In a massive, heavily secured research facility, the S.H.E.I.L.D Agency’s best scientists study the mysterious Tesseract. Its energy personified, and its true capabilities have to be tapped. One night, it suddenly becomes active, opening a portal across time and space. Through that portal steps Loki, the exiled Norse God of mischief. He arrives with a horrifying agenda: the complete and total subjugation of humanity. He escapes the research facility with The Tesseract in tow, which plays a pivotal role in his master plan.
It’s finally here. The grand experiment that Marvel Studios began with 2008’s Iron Man has been leading to this very moment. The Avengers is the most ambitious film of its kind ever attempted. It tries to do what the comic has done so effortlessly for nearly 50 years: combine a number disparagingly different characters and mythologies into one cohesive fantasy universe. To achieve this end, Marvel has enlisted the talents of legendary television scribe Joss Whedon. Whedon places his unique stamp on the property while retaining that of its parent company. The result is a colorful yet balanced juggling that only gets bigger as it goes along.
Visually, Whedon rebukes the pseudo-realistic approach favored by so many other films of this kind. This is a comic book world populated with heroes that wear brightly colored costumes as if they were casual attire. Yet the production design is not bathed solely primary colors. It actually reflects the controlled schizophrenia of the film. Various levels of darkness are contrasted with equally varying levels of light. Iron Man shines like an armored angel, while Hawkeye hides and broods in dark corners like Batman. Seamus McGarvey’s cinematography nestles nowhere in the middle of statically epic and modernly frenetic. It’s indistinct, but also flexible.
The dialogue also reflects the wondrous variety onscreen. Josh Whedon and Zak Penn’s script changes speed and tone to suit the characters and situations. The exchanges between Thor and Loki have an almost Shakespearian grandeur that somehow never seems silly or misplaced. It’s also not so overly serious as to bog things down in mannered posturing. Jokes and quips intrude on serious moments with no warning at all, catching the viewer totally off guard. All of this should be gloriously messy, but somehow it isn’t. The screenplay finds a steady rhythm somewhere near the end of the first act, and maintains it throughout.
The Avengers is organized into two distinct halves. The first is all set up, while the second is nonstop action. There is a massive, multi-part set piece that takes place on the S.H.E.I.L.D helicarrier. The heroes fight off intruders while squabbling amongst each other. The sequence allows the viewer no rest, jumping from one situation to the next. The coup de grace is an extended ground battle in Manhattan, where Loki dispatches hordes of Chitauri warriors to raze the city. If Michael Bay had an ounce filmmaking discipline, Transformers 3 might have looked something like this. By the time it’s all over, each character has been allowed multiple show-stopping moments. No one is short changed.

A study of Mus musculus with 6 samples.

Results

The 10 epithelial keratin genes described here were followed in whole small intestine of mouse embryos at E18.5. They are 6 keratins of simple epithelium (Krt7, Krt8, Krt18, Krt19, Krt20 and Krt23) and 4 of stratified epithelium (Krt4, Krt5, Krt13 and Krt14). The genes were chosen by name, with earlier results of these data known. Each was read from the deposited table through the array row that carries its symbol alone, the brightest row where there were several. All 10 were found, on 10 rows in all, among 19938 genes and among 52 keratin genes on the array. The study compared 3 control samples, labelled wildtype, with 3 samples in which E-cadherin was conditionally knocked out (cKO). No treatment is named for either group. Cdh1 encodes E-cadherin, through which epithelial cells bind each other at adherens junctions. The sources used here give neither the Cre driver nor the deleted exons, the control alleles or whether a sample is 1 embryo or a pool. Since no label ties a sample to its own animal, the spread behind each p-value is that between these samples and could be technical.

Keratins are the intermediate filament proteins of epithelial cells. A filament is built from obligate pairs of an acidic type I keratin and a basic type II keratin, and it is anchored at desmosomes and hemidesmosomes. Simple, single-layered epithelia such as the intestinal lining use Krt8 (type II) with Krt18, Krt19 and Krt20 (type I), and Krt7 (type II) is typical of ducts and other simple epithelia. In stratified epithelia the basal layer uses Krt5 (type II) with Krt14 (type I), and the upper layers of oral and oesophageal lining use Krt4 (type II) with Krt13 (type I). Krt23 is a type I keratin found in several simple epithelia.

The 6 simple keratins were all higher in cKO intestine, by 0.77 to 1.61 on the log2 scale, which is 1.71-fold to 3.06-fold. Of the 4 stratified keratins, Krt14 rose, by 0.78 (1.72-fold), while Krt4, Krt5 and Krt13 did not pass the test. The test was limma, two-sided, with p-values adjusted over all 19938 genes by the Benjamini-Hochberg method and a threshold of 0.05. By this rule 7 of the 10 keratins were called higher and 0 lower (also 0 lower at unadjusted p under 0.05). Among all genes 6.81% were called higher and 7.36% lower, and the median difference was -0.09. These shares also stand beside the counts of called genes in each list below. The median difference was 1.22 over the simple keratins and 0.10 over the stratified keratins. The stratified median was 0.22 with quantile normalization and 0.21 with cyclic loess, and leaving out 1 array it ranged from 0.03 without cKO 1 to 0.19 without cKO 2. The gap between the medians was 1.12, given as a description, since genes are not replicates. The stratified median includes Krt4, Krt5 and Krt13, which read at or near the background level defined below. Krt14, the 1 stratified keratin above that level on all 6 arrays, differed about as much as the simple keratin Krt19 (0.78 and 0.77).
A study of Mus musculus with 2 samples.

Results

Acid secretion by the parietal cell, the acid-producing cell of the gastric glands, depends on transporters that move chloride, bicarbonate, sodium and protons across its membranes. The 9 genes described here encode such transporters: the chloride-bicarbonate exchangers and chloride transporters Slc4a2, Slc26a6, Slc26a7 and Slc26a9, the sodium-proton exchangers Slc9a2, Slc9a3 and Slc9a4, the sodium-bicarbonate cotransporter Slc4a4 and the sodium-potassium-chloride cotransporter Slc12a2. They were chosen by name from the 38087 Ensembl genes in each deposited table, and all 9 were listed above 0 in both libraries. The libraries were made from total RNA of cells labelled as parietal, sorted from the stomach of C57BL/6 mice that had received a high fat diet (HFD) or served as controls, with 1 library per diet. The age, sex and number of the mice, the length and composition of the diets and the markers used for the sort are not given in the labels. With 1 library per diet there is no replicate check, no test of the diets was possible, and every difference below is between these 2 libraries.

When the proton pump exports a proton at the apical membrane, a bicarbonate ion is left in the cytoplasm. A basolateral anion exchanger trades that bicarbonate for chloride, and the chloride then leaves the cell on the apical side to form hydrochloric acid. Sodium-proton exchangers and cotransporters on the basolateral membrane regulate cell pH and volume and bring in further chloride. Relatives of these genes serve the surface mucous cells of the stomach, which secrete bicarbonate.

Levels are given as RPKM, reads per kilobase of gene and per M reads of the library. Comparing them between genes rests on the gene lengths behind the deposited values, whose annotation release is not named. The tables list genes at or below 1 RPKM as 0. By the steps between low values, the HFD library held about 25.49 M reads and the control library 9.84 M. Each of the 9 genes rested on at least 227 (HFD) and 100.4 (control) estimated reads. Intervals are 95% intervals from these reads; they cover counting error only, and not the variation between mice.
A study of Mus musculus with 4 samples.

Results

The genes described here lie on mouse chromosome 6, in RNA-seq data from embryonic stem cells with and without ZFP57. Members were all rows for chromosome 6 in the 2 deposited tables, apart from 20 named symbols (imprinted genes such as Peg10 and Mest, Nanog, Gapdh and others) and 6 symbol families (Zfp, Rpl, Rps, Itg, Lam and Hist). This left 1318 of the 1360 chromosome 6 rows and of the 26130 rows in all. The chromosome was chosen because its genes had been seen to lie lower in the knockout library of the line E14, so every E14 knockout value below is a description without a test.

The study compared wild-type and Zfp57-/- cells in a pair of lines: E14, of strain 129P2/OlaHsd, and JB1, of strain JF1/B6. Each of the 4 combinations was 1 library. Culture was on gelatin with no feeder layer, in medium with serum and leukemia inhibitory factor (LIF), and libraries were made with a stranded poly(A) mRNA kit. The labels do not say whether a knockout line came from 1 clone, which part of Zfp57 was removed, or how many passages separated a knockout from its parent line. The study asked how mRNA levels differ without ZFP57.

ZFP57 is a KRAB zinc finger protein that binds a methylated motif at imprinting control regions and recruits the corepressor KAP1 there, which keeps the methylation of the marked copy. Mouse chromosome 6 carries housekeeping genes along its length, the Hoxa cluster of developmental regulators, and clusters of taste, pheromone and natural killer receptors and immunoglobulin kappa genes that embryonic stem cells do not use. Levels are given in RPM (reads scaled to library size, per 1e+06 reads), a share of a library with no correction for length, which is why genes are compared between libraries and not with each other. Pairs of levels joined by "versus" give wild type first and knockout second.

That sense of equity extends to the dramatic and comedic moments as well. Like the characters they portray, each actor brings his talents to the table. They all maintain fidelity with their performances in past Marvel films. All of these characters are fully fleshed out, and have a field day in this new setting. Chris Hemsworth looks like a professional wrestler but speaks like Othello. Mark Ruffalo plays Banner as neurotic and repressed. This makes for a much more sympathetic and eccentric character than has been offered before. As Hawkeye, Jeremy Renner is all intensity and focus. There’s not a false note among this cast, and it’s a joy to behold.
The Avengers is like the Star Trek of superhero films. It places a cast of characters in the midst of outlandish situations and insurmountable odds, and makes their personality differences a major part of the show. A new bar has been set for superhero films that focus on a team as opposed to a solo character. No longer is it enough to have one character front and center while the others play the background. Joss Whedon understands that in order for a film of this sort to work, everyone should have their time in the spotlight. After all, there is no “I” in team, and there’s not a dull moment in The Avengers.